Massive Study Finds Eating Organic Slashes Cancer Risks
Eating organic foods free from pesticides is strongly correlated with a dramatic reduction in the risk of cancer, according to a groundbreaking study published today in an American Medical Association journal.
The observational study led by a team of French government scientists tracked the diets of nearly 69,000 people. Four years later, those who consumed the most organic foods were 25 percent less likely to develop cancer.
For people consuming the highest amount of organic food, the study found a significantly lower risk of non-Hodgkin lymphoma, all lymphomas and postmenopausal breast cancer. The authors conclude, "Although our findings need to be confirmed, promoting organic food consumption in the general population could be a promising preventive strategy against cancer."
Pesticides linked to cancer include the weed killer glyphosate, the active ingredient in Monsanto's Roundup, and the organophosphate pesticides malathion and diazinon.
"This study provides more evidence suggesting pesticides in food may be harmful," said EWG Toxicologist Alexis Temkin, Ph.D. "Low levels of synthetic pesticides, including those linked to cancer and other serious health problems, are found in some conventionally grown fruits and vegetables. Especially for those items, choosing organics is better for health as well as for the environment."
The scientists focused on 16 different organic food and beverage products, including fruits and vegetables, soy-based foods, eggs, dairy, grains, meat and fish, among others.
Each year, Environmental Working Group releases the Shopper's Guide to Pesticides in Produce™, which includes the Dirty Dozen list of conventional fruits and vegetables that consistently have the highest levels of pesticide residues, as well as the Clean Fifteen list showing which conventional foods have the fewest pesticides.
"Nobody wants to eat pesticides, and tracking the explosive growth of the organic industry in the U.S. against the flat sales of its conventional counterparts is all the evidence you need to confirm it," said EWG President Ken Cook. "Scientists are sounding the alarm on the risks they pose to human health, and consumers are responding."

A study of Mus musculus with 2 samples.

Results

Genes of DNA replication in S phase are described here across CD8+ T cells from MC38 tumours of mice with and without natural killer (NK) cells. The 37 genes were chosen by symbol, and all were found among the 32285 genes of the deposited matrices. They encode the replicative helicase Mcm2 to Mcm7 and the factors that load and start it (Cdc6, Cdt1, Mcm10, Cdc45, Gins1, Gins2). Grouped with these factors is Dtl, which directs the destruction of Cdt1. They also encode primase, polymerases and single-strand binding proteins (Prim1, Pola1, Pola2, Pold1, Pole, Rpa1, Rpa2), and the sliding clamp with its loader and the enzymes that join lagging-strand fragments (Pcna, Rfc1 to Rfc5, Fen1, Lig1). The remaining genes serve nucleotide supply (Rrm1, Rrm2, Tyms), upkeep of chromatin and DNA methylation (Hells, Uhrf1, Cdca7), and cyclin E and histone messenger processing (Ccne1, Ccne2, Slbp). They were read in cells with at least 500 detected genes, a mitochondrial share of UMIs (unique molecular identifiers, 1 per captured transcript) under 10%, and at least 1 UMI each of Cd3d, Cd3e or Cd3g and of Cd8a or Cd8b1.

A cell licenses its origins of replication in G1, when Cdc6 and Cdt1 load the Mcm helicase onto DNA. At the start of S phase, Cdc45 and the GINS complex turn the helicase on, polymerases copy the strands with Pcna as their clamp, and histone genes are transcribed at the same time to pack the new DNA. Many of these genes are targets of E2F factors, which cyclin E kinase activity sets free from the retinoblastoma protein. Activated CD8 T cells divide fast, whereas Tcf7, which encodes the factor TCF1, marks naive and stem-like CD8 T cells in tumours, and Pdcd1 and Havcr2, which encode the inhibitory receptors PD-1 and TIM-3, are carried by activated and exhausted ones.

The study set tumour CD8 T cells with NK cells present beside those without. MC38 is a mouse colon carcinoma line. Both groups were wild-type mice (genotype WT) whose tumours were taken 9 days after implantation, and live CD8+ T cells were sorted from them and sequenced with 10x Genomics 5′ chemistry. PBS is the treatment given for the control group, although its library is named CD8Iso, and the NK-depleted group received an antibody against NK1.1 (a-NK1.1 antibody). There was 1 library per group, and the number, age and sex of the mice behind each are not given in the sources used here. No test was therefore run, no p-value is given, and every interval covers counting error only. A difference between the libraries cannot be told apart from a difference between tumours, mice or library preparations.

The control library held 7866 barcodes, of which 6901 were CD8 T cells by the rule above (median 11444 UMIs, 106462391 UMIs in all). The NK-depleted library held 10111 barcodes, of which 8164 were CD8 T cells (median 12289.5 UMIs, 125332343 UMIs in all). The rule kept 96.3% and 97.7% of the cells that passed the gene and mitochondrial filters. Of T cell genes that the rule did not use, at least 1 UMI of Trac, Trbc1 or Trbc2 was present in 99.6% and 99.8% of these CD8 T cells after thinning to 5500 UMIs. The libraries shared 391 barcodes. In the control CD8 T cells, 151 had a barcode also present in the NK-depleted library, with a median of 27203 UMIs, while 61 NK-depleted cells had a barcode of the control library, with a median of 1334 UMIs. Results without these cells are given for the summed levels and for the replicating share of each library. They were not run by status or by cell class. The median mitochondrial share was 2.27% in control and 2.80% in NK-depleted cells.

What's more, the accounting firm predicts that another 21 million electric cars will be on the road globally over the next decade due to growing market demand for clean transportation, government subsidies, as well as bans on fossil fuel cars.
Sunoco's controversial Mariner East pipeline project in Pennsylvania is beginning 2019 on unstable ground, literally. A sinkhole opened in the suburban development of Lisa Drive in Chester County Sunday, exposing the old Mariner East 1 pipeline built in the 1930s.
Greenland is melting about four times faster than it was in 2003, a new study published Monday in the Proceedings of the National Academy of Sciences found, a discovery with frightening implications for the pace and extent of future sea level rise.
"We're going to see faster and faster sea level rise for the foreseeable future," study lead author and Ohio State University geodynamics professor Dr. Michael Bevis said in a press release. "Once you hit that tipping point, the only question is: How severe does it get?"
By Marlene Cimons
Most Europeans know the great tit as an adorable, likeable yellow-and-black songbird that shows up to their feeders in the winter. But there may be one thing they don't know. That cute, fluffy bird can be a relentless killer.
The great tit's aggression can emerge in gruesome ways when it feels threatened by the pied flycatcher, a bird that spends most of the year in Africa, but migrates to Europe in the spring to breed. When flycatchers arrive at their European breeding grounds, they head for great tit territory, knowing that great tits—being year-round European residents—know the best nesting sites.
Most people have heard of the Amazon, South America's famed rainforest and hub of biological diversity. Less well known, though no less critical, is the Pantanal, the world's largest tropical wetland.
Like the Amazon, the Pantanal is ecologically important and imperiled. Located primarily in Brazil, it also stretches into neighboring Bolivia and Paraguay. Covering an area larger than England at more than 70,000 square miles, the massive wetland provides irreplaceable ecosystem services that include the regulation of floodwaters, nutrient renewal, river flow for navigability, groundwater recharge and carbon sequestration. The wetland also supports the economies of the four South American states it covers.
By Patrick Rogers
If you have ever considered making the switch to an environmentally friendly electric vehicle, don't drag your feet. Though EV prices are falling, and states are unveiling more and more public charging stations and plug-in-ready parking spots, the federal government is doing everything it can to slam the brakes on our progress away from gas-burning internal combustion engines. President Trump, likely pressured by his allies in the fossil fuel industry, has threatened to end the federal tax credits that have already helped put hundreds of thousands of EVs on the road—a move bound to harm not only our environment but our economy, too. After all, the manufacturing and sale of EVs, hybrids, and plug-in hybrids supported 197,000 jobs in 2017, according to the most recent U.S. Energy and Employment Report.
This week, people across the country are joining environmental leaders to speak out against the nomination of former coal lobbyist Andrew Wheeler to lead the the U.S. Environmental Protection Agency (EPA). As Scott Pruitt's hand-picked successor, Wheeler has continued to put polluters over people, most recently by using the last of his agency's funding before it expired in the government shutdown to announce plans to allow power plants to spew toxic mercury and other hazardous pollution into the air.